Client side app deployment which follows tweets real time



I’m looking for a way to write an open source application that would run client side, and would follow tweets from specific accounts in real time with no third party interference (those are all hard requirements). The app doesn’t need write access – that would be nice to have, but it’s not a requirement per se. I would also like to avoid asking each user to create their own Twitter App; I assume that’s not something Twitter intends, anyway (a single “real” app should map to a single Twitter App).

I looked into the Streaming API’s OAuth thing, but it seems that’s not deployable client-side, since it would require me to publish my consumer secret. Am I wrong? If I’m right, is there another way to achieve my objective in a different manner?

See also:

  1. My question on the same topic on Stackoverflow
  2. Another user’s similar question on this forum


This is not straightforward.

The Streaming APIs are mostly being deprecated in favour of webhooks (account activity API) but the filter / track functionality will remain. All of Twitter’s standard APIs require OAuth and yes, that’s something where you’d want to protect the secret values in the client-side context.

You’re right that users should never be asked or expected to create their own apps and to provide those keys to a third party - that’s essentially an attempt to circumvent our limits and system and it is definitely not OK.

Sorry to be the bearer of bad news but this is not something that we currently support.


Bad news is better than no news – I kept poking at this for the past couple of days, and I started to feel like I was punching in the dark. So yes, it is bad news for my app, but at least I now have an authoritative answer – so thank you for that!

Having said that, the app I’m trying to deploy would be profoundly meaningful to a lot of people, could easily be isolated, and wouldn’t affect Twitter’s servers in any substantial manner. Is there any way I could contact someone within your company who’s willing to listen, and able to look for a technical solution – if only for this isolated case? I realize I’m asking for a favor, but the favor is just being listened to.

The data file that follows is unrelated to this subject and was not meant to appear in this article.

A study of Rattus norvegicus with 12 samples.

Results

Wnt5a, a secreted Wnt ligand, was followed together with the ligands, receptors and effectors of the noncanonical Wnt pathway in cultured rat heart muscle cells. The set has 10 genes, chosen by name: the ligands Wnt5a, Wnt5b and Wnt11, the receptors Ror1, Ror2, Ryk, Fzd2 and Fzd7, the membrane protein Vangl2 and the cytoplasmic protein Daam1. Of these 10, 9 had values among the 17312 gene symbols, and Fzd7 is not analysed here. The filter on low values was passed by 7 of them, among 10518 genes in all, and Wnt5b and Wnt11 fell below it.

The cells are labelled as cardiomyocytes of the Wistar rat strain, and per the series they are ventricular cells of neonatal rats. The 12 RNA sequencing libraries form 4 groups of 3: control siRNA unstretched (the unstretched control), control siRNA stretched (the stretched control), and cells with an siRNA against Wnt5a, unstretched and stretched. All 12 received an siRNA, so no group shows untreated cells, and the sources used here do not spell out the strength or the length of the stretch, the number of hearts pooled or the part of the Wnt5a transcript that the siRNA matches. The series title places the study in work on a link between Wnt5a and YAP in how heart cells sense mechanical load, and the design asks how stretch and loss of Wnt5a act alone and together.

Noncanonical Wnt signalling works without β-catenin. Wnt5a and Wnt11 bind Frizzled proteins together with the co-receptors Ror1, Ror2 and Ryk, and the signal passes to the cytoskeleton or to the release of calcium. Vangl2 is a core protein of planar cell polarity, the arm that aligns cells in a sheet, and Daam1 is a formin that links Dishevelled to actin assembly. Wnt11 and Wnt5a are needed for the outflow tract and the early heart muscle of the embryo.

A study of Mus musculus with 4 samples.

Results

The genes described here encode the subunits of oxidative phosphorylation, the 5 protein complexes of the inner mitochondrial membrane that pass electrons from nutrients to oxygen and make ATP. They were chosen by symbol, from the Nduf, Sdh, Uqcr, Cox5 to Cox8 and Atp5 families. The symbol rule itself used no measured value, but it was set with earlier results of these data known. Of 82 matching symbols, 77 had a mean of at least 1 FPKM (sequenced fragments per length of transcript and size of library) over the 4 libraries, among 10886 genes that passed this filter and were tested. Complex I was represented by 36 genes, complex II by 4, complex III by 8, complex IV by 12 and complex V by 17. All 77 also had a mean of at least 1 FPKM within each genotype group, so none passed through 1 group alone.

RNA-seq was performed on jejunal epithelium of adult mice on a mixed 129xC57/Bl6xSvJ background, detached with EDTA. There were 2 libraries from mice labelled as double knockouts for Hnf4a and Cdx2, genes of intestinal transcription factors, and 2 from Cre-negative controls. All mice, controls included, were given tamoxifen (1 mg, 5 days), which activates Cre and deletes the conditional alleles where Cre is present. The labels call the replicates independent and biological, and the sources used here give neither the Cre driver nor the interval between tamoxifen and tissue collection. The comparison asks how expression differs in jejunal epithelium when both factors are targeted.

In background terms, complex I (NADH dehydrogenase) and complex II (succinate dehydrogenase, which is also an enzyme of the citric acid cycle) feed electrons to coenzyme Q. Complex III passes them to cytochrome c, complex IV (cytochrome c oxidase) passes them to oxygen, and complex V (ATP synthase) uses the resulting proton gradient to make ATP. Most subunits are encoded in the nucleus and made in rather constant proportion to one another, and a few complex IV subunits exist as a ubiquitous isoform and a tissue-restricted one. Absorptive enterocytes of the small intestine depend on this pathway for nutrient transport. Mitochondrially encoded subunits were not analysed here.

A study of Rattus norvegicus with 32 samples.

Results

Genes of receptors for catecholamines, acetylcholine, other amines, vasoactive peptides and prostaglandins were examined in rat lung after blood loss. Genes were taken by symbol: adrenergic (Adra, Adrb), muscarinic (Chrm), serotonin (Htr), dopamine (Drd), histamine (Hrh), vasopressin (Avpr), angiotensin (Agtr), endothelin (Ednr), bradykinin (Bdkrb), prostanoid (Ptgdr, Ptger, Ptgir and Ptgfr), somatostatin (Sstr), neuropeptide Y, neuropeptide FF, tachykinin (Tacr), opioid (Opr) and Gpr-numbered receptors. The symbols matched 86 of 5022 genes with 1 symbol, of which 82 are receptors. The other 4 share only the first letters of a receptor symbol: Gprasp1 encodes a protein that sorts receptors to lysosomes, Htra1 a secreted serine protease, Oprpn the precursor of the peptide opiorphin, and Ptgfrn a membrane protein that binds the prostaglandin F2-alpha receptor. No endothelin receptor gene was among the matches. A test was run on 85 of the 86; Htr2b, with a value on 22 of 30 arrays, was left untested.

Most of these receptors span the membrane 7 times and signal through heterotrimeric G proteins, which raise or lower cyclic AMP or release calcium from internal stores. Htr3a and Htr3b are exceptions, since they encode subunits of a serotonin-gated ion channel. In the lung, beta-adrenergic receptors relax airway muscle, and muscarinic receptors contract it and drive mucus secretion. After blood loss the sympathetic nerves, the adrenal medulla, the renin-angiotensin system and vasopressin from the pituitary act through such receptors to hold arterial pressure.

Thanks for being so constructive in your approach.

The truth is that we’re really unable to build “one-off” solutions that talk to these kinds of scenarios - we have to optimise for scale and breadth rather than individual requests like these. I understand that’s a disappointing statement as a developer, but I don’t want to misrepresent our resources or outlook here.

The PowerTrack realtime APIs - which are an expensive enterprise scale product - could potentially offer you what you’re requesting, but again I wouldn’t like to state that it is “security safe” to run directly from a client device or app to the server - you’d want to think about that piece.


Andy, I appreciate your personable approach to an anonymous guy’s rather strange request. I am disappointed that you’re basically telling me your company is not even willing to listen to what I have to say – which is a bit ironical, given your specific line of business. But it is what it is, and I do appreciate you took the time to answer both of my queries. Please let me know if you reconsider giving me a chance to present my case. Cheers!


Listening and understand. It’s simply not practical or possible for us to make exceptions or to modify our systems for “one-off” cases because the numbers of developers on the platform are just huge. I certainly understand your disappointment, this is not unwillingness, just practical.

Thanks for your interest in working with us, we really appreciate everyone that builds on our developer platform. I’ll certainly circle back if circumstances change on our side in the future.


Ok, here’s the next best solution I’m considering; please let me know if this does respect the spirit of your policies.

I’m thinking about storing both the consumer secret and the token secret on our side, and signing the request on our side as well. I would however have to let the end user’s equipment initiate the direct, long lasting connection to your servers for real time data. This means their hardware would have access to all headers needed to make the request.

The most sensitive values in the header seem to be the application’s consumer key and the user’s access token. I don’t think those should be any real concern, but I thought it would be better to ask before implementing.

Is this a sound approach, according to your best practice guidelines?